Dexmedetomidine is an alpha-2 agonist structurally related to clonidine—a drug primarily used for hypertension, but also used intraspinally for pain management. It differs from clonidine because it has an eight times greater affinity for the alpha-2 receptor and, being a dextrorotatory isomer of medetomidine, it has fewer cardiovascular side effects than clonidine.

Dexmedetomidine (Dex) was initially approved by the FDA in 1999 for the sedation of intubated patients in critical care settings for less than 24 hours. The drug has three unique properties: 1) it is a sedative that allows for an interactive form of sedation on patients in ICU; 2) it has analgesic properties that may reduce concomitant use of opioids in surgical patients; and 3) it is accompanied by virtually no respiratory depression.

The mechanism of action of Dex, as previously stated, is an alpha-2 receptor agonist interacting as a subgroup of noradrenergic receptors. In addition to its sedative effects, the drug has significant analgesic qualities, and has been labelled an “analgesic-sparing” product by the FDA. The analgesia with Dex is mediated primarily through its interactions of the alpha-2 receptors within the spinal cord.

A study of intrathecal Dex versus bupivacaine and fentanyl in major abdominal cancer surgery was conducted at the South Egypt Cancer Institute in Assiut, Egypt. The purpose of this study was to gain experience utilizing the intrathecal alpha-2 adrenal receptor agonists in the treatment of pain. The study was a randomized, double-blind trial performed at an academic medical center where ninety patients were broken into sub-groups of thirty—the first group receiving ten milligrams of bupivacaine; the second group ten milligrams of bupivacaine plus five micrograms of Dex; and the third group ten milligrams of bupivacaine, five micrograms of Dex, and twenty-five micrograms of fentanyl. It was found that bupivacaine with Dex, given either with or without the fentanyl, showed a greater clinical effect, and also demonstrated the drug’s opioid-sparing effect.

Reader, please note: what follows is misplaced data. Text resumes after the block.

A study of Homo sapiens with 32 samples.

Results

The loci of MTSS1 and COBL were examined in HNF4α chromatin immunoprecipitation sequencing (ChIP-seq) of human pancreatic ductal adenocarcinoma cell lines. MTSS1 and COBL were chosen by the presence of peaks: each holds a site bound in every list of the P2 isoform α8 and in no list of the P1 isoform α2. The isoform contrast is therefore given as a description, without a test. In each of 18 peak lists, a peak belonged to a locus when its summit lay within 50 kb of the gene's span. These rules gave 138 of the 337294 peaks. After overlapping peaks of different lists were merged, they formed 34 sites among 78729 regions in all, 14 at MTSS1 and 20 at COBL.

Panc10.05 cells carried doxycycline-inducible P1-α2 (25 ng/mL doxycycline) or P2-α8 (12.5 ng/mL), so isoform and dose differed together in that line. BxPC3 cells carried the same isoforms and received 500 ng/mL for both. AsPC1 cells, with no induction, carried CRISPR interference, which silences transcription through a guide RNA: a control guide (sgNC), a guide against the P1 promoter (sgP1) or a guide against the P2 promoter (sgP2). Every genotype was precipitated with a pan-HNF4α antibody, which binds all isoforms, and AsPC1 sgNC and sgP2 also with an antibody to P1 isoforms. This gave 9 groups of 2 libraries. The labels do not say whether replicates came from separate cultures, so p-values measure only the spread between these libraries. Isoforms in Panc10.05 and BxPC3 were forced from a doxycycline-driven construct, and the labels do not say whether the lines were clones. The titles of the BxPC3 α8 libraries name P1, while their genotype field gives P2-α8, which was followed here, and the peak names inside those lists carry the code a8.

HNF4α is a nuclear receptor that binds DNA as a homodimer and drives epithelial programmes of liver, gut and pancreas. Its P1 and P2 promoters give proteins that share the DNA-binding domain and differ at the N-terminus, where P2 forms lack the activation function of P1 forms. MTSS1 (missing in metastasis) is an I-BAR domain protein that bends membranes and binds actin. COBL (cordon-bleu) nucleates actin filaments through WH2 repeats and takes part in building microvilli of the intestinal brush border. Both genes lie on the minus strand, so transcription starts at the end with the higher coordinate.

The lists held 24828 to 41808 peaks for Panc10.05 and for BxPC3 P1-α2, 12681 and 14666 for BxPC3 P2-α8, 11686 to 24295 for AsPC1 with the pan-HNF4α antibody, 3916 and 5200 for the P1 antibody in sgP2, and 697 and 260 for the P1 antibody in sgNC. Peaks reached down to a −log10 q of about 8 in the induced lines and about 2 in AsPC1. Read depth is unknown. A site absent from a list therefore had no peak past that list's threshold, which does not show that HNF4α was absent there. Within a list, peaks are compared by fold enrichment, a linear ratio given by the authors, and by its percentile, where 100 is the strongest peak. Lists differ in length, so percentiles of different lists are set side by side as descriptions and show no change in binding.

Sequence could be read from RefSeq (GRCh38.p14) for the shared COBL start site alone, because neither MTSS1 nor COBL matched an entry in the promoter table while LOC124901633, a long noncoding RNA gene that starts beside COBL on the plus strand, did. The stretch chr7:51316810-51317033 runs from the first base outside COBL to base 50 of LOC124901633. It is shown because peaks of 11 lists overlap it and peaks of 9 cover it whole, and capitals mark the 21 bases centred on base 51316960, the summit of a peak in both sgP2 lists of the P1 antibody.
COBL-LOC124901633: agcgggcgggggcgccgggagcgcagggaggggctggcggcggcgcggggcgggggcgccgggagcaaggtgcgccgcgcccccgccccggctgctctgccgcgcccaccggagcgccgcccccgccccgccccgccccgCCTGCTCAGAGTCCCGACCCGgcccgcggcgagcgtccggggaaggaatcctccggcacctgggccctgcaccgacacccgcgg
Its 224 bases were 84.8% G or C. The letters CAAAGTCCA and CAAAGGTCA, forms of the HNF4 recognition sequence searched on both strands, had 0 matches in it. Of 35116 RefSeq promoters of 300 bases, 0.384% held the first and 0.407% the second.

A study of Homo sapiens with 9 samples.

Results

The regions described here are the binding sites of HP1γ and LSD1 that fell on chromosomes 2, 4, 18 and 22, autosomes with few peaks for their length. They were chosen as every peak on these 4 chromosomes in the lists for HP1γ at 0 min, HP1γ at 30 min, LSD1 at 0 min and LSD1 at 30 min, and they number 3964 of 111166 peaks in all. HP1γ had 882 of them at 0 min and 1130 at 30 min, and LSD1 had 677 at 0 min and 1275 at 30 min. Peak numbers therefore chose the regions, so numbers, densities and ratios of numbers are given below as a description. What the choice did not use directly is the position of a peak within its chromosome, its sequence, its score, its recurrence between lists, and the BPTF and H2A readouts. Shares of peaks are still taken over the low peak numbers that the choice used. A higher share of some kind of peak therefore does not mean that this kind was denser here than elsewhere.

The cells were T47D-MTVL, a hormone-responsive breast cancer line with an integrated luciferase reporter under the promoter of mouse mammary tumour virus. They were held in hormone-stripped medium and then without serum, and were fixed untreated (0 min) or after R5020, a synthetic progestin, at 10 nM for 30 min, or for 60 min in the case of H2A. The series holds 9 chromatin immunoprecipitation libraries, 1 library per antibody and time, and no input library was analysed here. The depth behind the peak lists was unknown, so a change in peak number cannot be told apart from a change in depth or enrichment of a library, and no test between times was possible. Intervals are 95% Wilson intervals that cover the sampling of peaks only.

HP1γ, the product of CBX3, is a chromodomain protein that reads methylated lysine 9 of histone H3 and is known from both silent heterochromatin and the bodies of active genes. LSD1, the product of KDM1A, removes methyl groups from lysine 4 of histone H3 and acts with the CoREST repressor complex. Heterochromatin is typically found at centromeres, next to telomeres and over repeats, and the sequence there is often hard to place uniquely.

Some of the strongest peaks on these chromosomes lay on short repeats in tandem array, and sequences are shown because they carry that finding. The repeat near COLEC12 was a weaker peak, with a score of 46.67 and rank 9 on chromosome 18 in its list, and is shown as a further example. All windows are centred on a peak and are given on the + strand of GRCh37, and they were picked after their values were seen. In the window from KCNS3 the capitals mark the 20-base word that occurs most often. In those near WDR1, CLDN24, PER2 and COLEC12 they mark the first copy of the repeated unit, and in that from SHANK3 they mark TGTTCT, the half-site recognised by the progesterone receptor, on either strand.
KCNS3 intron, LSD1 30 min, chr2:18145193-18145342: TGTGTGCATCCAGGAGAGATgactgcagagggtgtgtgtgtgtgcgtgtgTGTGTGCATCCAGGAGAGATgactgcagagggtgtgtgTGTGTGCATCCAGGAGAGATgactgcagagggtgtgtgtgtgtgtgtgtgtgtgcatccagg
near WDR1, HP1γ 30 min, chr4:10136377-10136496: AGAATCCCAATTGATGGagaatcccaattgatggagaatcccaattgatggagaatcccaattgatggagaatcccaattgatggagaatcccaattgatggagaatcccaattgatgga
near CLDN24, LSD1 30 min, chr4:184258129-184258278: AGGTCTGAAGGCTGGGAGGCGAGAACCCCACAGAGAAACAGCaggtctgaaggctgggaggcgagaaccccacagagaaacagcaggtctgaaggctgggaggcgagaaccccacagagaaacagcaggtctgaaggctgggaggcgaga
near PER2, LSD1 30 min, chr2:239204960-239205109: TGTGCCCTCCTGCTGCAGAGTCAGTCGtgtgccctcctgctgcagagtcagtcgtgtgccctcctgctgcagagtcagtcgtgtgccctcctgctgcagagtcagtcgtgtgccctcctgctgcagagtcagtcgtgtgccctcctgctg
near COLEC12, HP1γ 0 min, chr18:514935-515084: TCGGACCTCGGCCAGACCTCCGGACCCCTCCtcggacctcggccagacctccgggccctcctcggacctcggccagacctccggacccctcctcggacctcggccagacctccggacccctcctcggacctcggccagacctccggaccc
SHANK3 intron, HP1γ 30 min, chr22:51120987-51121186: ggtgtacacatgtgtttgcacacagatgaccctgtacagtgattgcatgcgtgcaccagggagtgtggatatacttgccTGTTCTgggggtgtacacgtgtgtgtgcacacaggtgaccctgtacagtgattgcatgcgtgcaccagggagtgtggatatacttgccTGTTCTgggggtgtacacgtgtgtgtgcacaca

Another study entitled, “The Effect of Low Dose Dexmedetomidine and-or Clonidine” was conducted by G.E. Kanazi, et al., to compare the onset and duration of sensory and motor blockade after the administration of intrathecal bupivicane with either Dex or clonidine. The conclusion of this study showed that the supplementation of bupivicane with a low dose of intrathecal Dex or clonidine produces a significantly shorter onset of motor blockade, and a significant longer sensory and motor block than bupivacaine used alone.

A study in 1998 by Dr. Lawrence Poree entitled, “The Analgesic Potency of Dexmedetomidine is Enhanced after Nerve Injury: A Possible Role in Peripheral Alpha 2 Adrenoreceptors” investigated the analgesic potency of Dex with rats—both for the treatment of pain whether after ligation of their L5-6 spinal nerves or normal nerves. Ligation of their L5-6- spinal nerves produced chronic mechanical and thermal hyperanalgesia. The study concludes that analgesic potency of Dex was enhanced after nerve injury at the site of action outside the central nervous system.  Very interesting compound and more studies are needed to consider for clinical use.